In Python, a list is a built-in data structure that allows you to store and manipulate a collection of items. Lists are ordered, mutable (modifiable), and can contain elements of different data types. You can think of a list as a sequence of values enclosed in square brackets
[ ], with each value separated by a comma.
Here’s an example of a Python list:
my_list = [1, 2, 3, 'four', 5.0]
In this example,
my_list contains five elements: an integer (
1), another integer (
2), a third integer (
3), a string (
'four'), and a float (
You can access individual elements of a list by their index. Python uses zero-based indexing, so the first element is at index
0, the second element at index
1, and so on. For example, to access the third element in
my_list, you would use
Lists in Python are mutable, meaning you can modify their contents. You can change the value of an element by assigning a new value to a specific index. For example,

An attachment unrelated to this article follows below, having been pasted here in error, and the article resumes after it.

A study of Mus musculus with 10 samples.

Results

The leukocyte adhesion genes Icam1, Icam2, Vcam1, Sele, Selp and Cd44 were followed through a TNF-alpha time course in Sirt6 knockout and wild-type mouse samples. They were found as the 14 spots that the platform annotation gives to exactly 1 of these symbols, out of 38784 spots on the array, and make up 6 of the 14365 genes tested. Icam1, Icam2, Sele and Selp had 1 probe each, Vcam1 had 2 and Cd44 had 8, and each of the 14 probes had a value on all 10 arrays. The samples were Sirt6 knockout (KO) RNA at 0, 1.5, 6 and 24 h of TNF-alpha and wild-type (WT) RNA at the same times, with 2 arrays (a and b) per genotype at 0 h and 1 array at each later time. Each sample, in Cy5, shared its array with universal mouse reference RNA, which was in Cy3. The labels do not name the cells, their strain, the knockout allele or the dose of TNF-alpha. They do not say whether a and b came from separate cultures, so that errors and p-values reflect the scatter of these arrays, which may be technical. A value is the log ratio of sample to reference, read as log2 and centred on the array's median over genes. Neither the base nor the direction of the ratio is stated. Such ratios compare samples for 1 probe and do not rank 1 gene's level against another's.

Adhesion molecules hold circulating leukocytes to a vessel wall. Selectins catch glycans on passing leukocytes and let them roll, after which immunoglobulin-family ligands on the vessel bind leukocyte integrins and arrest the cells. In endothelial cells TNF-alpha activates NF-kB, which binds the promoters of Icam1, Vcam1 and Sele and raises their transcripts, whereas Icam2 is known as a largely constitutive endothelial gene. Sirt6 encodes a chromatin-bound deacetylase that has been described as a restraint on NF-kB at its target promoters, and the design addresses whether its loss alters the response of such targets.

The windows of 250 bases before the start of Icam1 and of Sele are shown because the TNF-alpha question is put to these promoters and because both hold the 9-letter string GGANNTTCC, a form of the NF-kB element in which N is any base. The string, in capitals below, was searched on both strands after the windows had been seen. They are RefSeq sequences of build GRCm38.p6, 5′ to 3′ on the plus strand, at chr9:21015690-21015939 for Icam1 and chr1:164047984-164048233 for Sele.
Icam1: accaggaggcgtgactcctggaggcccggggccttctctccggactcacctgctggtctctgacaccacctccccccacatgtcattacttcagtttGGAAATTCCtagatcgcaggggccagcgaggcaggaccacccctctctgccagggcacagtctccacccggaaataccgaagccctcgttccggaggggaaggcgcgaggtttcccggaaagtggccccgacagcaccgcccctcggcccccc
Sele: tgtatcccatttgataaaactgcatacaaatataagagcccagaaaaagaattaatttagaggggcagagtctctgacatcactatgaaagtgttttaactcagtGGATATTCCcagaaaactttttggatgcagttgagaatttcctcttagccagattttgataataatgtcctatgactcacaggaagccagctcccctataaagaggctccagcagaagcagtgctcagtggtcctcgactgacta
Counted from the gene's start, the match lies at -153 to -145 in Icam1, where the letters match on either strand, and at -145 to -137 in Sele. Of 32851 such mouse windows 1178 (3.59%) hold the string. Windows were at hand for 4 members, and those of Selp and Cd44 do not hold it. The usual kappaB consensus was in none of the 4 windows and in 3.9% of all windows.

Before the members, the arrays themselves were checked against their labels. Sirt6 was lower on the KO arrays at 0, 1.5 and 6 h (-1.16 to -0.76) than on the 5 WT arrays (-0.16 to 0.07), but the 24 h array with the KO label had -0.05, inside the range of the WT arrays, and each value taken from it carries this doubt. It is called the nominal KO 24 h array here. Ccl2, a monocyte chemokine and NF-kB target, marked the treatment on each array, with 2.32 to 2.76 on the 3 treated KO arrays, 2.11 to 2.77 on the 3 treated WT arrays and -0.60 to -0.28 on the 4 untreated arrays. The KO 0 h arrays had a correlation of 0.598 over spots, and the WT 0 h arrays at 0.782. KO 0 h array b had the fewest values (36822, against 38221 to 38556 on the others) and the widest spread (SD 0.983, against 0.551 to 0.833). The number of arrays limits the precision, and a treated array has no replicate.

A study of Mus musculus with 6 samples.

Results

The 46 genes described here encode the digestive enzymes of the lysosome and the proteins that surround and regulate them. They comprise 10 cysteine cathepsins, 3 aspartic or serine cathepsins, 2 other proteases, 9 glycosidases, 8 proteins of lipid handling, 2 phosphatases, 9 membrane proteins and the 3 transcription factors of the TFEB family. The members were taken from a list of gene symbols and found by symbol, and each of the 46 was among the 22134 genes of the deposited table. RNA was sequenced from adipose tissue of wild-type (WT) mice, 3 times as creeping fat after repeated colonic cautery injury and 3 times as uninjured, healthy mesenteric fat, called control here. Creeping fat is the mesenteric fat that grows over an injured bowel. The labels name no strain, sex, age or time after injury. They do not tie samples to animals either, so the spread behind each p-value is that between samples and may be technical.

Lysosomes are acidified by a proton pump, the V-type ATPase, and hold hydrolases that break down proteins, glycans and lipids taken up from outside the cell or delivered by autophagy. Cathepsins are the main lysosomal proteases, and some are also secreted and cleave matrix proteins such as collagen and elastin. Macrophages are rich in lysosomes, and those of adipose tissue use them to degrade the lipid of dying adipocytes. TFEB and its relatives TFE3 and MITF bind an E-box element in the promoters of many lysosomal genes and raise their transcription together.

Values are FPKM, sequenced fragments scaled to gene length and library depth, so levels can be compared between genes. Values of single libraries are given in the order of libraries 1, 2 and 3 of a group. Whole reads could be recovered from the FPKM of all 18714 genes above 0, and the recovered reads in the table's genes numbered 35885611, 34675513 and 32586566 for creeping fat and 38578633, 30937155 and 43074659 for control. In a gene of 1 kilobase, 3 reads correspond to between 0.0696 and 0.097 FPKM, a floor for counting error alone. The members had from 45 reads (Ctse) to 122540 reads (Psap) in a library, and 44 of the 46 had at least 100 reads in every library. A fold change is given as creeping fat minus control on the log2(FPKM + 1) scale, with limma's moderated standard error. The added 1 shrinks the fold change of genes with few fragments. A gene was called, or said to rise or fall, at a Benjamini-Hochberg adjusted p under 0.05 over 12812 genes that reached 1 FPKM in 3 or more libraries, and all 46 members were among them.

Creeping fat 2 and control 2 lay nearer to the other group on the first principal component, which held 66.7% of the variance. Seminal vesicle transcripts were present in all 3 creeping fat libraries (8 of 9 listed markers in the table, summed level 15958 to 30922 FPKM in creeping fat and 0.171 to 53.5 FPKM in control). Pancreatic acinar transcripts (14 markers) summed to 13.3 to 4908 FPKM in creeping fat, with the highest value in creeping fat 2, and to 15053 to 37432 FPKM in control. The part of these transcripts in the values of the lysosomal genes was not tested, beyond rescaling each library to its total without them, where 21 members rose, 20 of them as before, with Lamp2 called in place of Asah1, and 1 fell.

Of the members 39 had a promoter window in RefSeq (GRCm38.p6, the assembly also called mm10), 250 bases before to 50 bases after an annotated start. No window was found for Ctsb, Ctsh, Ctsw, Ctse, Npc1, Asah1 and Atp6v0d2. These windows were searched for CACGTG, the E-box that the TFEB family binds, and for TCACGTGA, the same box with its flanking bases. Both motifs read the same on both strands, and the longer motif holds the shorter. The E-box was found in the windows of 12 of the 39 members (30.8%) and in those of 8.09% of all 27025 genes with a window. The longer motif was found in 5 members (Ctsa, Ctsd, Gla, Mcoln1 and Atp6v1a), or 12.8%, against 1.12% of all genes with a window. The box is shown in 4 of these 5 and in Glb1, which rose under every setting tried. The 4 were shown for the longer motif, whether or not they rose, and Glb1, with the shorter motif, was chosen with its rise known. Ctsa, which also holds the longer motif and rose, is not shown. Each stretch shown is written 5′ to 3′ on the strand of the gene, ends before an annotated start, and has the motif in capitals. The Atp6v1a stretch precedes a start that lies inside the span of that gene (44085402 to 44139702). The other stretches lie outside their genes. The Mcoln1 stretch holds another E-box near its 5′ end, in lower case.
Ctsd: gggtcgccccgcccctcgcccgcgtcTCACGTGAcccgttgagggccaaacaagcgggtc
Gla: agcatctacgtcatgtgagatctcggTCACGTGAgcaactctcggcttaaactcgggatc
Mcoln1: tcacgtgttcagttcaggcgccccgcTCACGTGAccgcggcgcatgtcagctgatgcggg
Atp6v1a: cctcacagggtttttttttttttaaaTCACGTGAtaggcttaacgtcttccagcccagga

my_list = 10 would change the first element of
You can perform various operations on lists, such as adding elements, removing elements, slicing, concatenating, sorting, and more. Python provides a rich set of built-in methods and functions to manipulate lists.
Here are a few examples of common list operations:
my_list = [1, 2, 3, 4, 5] # Append an element to the end of the list my_list.append(6) # my_list is now [1, 2, 3, 4, 5, 6] # Remove an element from the list my_list.remove(3) # my_list is now [1, 2, 4, 5, 6] # Get the length of the list length = len(my_list) # length is 5 # Access a sublist (slice) of the list sublist = my_list[1:4] # sublist is [2, 4, 5] # Concatenate two lists other_list = [7, 8, 9] concatenated = my_list + other_list # concatenated is [1, 2, 4, 5, 6, 7, 8, 9] # Sort the list my_list.sort() # my_list is now [1, 2, 4, 5, 6]
These are just a few examples of what you can do with lists in Python. Lists are versatile and widely used in Python programs to store and manipulate collections of data.